Parish constituents challenge LPPJ jurors

Lincoln Parish residents packed the Jack Beard Room of the Lincoln Parish Library and a number of them voiced their displeasure to the LPPJ jurors.

By Malcolm Butler


Tuesday night’s monthly Lincoln Parish Police Jury meeting was far from the norm.

The Jack Beard Room at the Lincoln Parish Library was packed as approximately 100 members from the community turned out to show and voice their displeasure over recent issues involving personnel issues and a division and lack of transparency in regards to the ambulance-rescue controversy. 

Following the normal agenda for the main LPPJ meeting, the public comments portion of the night began. And the participants didn’t hold back in voicing their concerns. 

“I moved to Ruston when I was in the eighth grade,” said James Skinner. “I went to Junior High here. I went to Ruston High. I went to Louisiana Tech. I taught school for a while. I moved away in ’85 and moved back 20 years ago. And I love this Parish. I love this community. I’m committed to serving. I’m proud of it. I am not proud tonight.”

“I would like to know what is going on with this Lincoln Parish Police Jury,” said Bill Smith. “It appears to me that you choose sides and start to fight and bite and kick without any consideration for John Q. Public. There used to be a time this jury was held in high esteem. Not any more. Not any more.”

The on-going ambulance-rescue situation has been in the headlines for months, illuminated by the police jury’s 6-3 vote against the City of Ruston’s $645,000 offer during the July meeting.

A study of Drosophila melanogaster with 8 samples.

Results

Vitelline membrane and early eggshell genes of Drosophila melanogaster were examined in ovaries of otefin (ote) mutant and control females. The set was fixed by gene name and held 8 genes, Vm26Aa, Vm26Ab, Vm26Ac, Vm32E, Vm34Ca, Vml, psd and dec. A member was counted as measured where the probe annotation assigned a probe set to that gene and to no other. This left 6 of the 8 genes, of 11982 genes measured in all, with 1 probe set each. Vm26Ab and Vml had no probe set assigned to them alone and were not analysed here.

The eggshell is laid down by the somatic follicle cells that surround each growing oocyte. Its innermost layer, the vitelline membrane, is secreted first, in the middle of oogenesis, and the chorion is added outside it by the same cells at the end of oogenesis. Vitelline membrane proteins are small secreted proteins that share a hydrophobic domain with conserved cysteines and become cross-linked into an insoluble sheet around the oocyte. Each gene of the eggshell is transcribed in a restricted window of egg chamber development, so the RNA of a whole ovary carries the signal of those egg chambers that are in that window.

However, the past week saw new concerns come to the forefront when a letter signed by jurors Logan Hunt, Glenn Scriber, TJ Cranford and Matt Pullin was sent to the remaining jurors, outlining their displeasure over the fact juror Skip Russell had asked LPPJ Administrator Doug Postel to resign in a closed-door meeting the previous week. 

This occurred without the entire jury’s knowledge, and according to Russell, at the request of five other jurors. Not only was the move illegal per state law, but it showed a division and lack of transparency throughout the jury.

“I have supported this jury, and I have appreciated the work it has done,” said Bill Jones. “But I am very disappointed with what I have read recently about the jury’s actions regarding the administrator. The jury has mishandled this matter terribly. And it has shaken the public’s confidence in the jury which I hate.”

A large contingency of upset constituents attended Tuesday’s meeting and those who spoke left little doubt about the overriding sense throughout the room.

“Y’all were elected to serve your constituents, and I don’t think you constituents are proud of what we are doing now,” said Skinner. “Y’all need to work this out. Be adults. Have courage. Do the job that you were elected to do. We can do better. We must do better for this parish.”

“It appears to me that there is something that we can do with as many good minds as you have on this jury,” said Smith. “It’s pathetic that everyone has their own way of thinking. It’s always me, me, me. It’s never us. It’s them. And they. And that concerns me.”

The public comment portion of the police jury meeting doesn’t allow for questions to be asked of the jurors. That may have kept the meeting from lasting much longer than it did.

At the end of the night, Lincoln Parish residents – voters – made one point very clear. 

“I think this may be a pretty good time to start sending some of the jurors home if they can’t look out and see what is best for this parish,” said Smith.

“There needs to be some accountability or in November (of 2023), I promise you, there’s going to be some people on some ballots and it’s going to be interesting to watch and see what changes,” said Chris Garriga.